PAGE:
An Algerian Childhood: Collection of Autobiographical Narratives
The novel, “An Algerian Childhood”, was compiled and edited by Leila Sebbar and is rated by literary experts and readers as one of the best novels of all times. It evokes a variety of emotions. Through the eyes of a child, the world takes on a different color. Often, children’s understanding of traumatic events is underestimated and the book reflects this well documented fact. Algerian’s fought for 132 years to free themselves from the binds of the French and after succeeding in 1962, an internal battle began that touched the lives of young and old alike.
”An Algerian Childhood” is a collection of sixteen short stories that have been written by various authors that came from different social standings and expresses how they experienced their childhood in a country that was torn apart by war. It is a book that touches the hearts of everyone who reads it, as its stories recall friendships, tolerance, injustice, ignorance, innocence, betrayal and kindness. Authors such as Habib Tengour wrote “Childhood”, Alain Vircondelet who watched the terror of war from his window in “The Sources Return”. Contributions by Mallek Alloula, Helen Cixous and Mohammed Did are remarkable as each shares their own personal stories in the novel. The book is a touching collaboration of childhood autobiographies that reopens many wounds as readers will find the author’s reflections both heartbreaking and triumphant.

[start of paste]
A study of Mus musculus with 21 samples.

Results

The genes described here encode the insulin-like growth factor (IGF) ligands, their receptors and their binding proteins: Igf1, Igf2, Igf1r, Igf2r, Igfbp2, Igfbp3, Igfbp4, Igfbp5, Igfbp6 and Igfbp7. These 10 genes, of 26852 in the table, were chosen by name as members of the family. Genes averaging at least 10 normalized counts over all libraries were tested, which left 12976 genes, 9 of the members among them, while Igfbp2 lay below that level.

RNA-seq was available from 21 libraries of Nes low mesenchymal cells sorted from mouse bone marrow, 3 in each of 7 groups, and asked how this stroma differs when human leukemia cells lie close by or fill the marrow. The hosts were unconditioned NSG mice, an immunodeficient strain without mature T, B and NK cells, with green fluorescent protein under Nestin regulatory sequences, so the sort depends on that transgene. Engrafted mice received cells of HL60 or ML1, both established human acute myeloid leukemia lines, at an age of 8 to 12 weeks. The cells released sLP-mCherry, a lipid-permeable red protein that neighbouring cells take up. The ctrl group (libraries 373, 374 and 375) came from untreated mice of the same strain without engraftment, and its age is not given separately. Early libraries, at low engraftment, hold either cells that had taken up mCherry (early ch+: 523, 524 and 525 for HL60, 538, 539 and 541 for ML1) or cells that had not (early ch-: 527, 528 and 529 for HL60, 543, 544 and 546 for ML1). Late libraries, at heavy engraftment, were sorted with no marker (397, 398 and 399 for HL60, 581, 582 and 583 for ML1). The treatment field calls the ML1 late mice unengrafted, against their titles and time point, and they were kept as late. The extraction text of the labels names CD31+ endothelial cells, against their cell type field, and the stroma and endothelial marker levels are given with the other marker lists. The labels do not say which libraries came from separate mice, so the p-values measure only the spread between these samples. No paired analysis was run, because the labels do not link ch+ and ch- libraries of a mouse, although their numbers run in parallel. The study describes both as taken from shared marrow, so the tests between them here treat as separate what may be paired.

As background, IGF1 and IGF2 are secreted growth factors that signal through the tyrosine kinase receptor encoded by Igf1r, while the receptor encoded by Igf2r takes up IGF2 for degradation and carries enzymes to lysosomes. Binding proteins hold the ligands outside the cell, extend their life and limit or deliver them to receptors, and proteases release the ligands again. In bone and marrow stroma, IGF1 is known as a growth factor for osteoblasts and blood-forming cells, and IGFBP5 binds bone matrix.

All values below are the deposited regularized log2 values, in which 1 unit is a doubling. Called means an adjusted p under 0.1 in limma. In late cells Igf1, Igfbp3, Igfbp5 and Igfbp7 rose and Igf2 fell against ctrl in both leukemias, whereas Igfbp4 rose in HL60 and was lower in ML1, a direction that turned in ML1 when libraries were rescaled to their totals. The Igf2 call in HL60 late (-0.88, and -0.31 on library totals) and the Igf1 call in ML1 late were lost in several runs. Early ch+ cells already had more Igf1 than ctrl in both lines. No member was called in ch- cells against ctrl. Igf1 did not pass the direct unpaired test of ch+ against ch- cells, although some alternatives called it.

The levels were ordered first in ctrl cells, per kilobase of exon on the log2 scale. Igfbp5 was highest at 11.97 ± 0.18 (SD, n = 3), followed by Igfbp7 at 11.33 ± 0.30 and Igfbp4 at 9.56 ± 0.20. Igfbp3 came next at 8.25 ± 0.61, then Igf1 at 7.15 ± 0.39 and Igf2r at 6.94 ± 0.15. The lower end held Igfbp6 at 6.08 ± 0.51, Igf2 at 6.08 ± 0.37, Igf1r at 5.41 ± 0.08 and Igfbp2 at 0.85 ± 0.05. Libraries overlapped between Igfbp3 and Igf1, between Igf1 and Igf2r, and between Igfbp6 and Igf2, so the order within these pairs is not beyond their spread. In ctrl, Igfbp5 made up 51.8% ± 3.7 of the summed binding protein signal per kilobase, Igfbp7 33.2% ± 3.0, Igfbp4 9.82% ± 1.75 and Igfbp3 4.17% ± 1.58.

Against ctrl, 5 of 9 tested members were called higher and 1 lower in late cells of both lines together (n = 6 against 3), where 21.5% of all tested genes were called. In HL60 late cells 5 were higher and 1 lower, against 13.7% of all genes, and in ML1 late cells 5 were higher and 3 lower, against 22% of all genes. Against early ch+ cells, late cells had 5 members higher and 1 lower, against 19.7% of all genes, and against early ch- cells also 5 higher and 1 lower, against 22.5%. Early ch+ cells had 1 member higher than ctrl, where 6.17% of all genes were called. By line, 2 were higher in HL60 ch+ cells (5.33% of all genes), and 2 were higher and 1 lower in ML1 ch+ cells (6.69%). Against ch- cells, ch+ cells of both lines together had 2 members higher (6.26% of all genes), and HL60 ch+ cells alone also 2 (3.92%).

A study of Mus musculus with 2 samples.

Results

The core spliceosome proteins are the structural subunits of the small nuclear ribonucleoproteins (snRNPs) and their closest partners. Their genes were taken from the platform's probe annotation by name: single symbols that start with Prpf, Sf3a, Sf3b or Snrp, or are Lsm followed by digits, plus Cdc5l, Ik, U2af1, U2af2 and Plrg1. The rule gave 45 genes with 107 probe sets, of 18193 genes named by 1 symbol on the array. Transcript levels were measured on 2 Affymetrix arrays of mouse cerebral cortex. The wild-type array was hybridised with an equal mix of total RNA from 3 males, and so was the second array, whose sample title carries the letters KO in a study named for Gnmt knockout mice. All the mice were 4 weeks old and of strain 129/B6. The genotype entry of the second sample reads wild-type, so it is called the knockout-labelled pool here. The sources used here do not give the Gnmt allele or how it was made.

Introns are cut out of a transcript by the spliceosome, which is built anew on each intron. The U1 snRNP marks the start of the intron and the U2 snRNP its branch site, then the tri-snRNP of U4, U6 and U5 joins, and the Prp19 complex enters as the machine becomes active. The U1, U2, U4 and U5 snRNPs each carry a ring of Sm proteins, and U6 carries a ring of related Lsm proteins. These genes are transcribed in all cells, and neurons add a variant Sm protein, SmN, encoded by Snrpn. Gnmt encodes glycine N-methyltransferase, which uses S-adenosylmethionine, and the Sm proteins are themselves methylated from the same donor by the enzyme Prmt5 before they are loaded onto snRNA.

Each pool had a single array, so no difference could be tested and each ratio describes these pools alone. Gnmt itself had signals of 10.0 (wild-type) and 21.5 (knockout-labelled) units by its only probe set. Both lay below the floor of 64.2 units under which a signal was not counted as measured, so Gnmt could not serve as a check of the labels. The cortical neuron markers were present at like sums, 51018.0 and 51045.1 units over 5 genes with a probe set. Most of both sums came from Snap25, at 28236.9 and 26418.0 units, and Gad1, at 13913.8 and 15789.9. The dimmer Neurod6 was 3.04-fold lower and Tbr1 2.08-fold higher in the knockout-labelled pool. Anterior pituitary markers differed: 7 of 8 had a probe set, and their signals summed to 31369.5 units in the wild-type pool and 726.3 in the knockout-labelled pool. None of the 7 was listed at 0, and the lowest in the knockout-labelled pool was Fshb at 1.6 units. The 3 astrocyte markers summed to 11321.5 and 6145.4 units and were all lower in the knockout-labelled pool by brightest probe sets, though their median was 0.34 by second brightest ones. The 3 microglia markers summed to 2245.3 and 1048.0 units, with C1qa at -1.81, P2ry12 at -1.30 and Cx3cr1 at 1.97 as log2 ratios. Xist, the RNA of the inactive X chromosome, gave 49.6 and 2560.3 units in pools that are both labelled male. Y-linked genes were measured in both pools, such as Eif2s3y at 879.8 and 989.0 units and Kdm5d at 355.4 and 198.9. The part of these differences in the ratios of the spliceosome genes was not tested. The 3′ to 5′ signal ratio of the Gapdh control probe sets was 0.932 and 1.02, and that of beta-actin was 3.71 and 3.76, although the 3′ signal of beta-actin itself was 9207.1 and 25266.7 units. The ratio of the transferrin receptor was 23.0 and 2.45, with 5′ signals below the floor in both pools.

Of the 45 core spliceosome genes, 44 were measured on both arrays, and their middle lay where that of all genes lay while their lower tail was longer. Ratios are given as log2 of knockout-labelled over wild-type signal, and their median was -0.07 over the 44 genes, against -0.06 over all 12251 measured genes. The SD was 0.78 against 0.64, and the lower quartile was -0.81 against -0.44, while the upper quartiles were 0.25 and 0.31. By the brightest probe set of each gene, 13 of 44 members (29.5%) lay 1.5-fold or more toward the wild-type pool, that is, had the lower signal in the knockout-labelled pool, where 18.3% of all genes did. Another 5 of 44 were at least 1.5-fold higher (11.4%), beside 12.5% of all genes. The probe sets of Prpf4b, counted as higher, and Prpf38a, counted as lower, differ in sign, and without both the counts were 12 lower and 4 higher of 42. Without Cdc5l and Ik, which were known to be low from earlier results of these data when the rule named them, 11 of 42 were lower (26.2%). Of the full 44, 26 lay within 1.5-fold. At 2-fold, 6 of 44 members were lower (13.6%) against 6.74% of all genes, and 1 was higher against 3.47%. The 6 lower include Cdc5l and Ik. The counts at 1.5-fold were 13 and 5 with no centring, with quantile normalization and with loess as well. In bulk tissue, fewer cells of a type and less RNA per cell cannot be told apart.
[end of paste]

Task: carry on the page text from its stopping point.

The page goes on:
In one story by Helene Cixous, she writes: “children painfully force themselves to imitate ‘the child’ they never are, and, as they cannot manage this, they pretend and devote themselves to hiding their deception.” From her work, readers will be relieved to learn that most of the authors were eventually victorious and conquered, in their own way, the suffering they endured as children. However for some writers, they will carry the scars of these turbulent times throughout their lives. Each story is unique because of different social standards, religion and race. Even though the wars and turbulence that followed was viewed and lived differently from the other the stories as told through their eyes as children.
”An Algerian Childhood,” carries the reader through the innocence of a child and how that world is shattered once they have learnt the reality of their plight. How each child learns to adjust to their lives is both inspirational and heart warming. If you are interested in Algerian Society then “An Algerian Childhood” comes highly recommended as it is sure to tug at your heart as it reveals a world that some people neither understand or knew existed.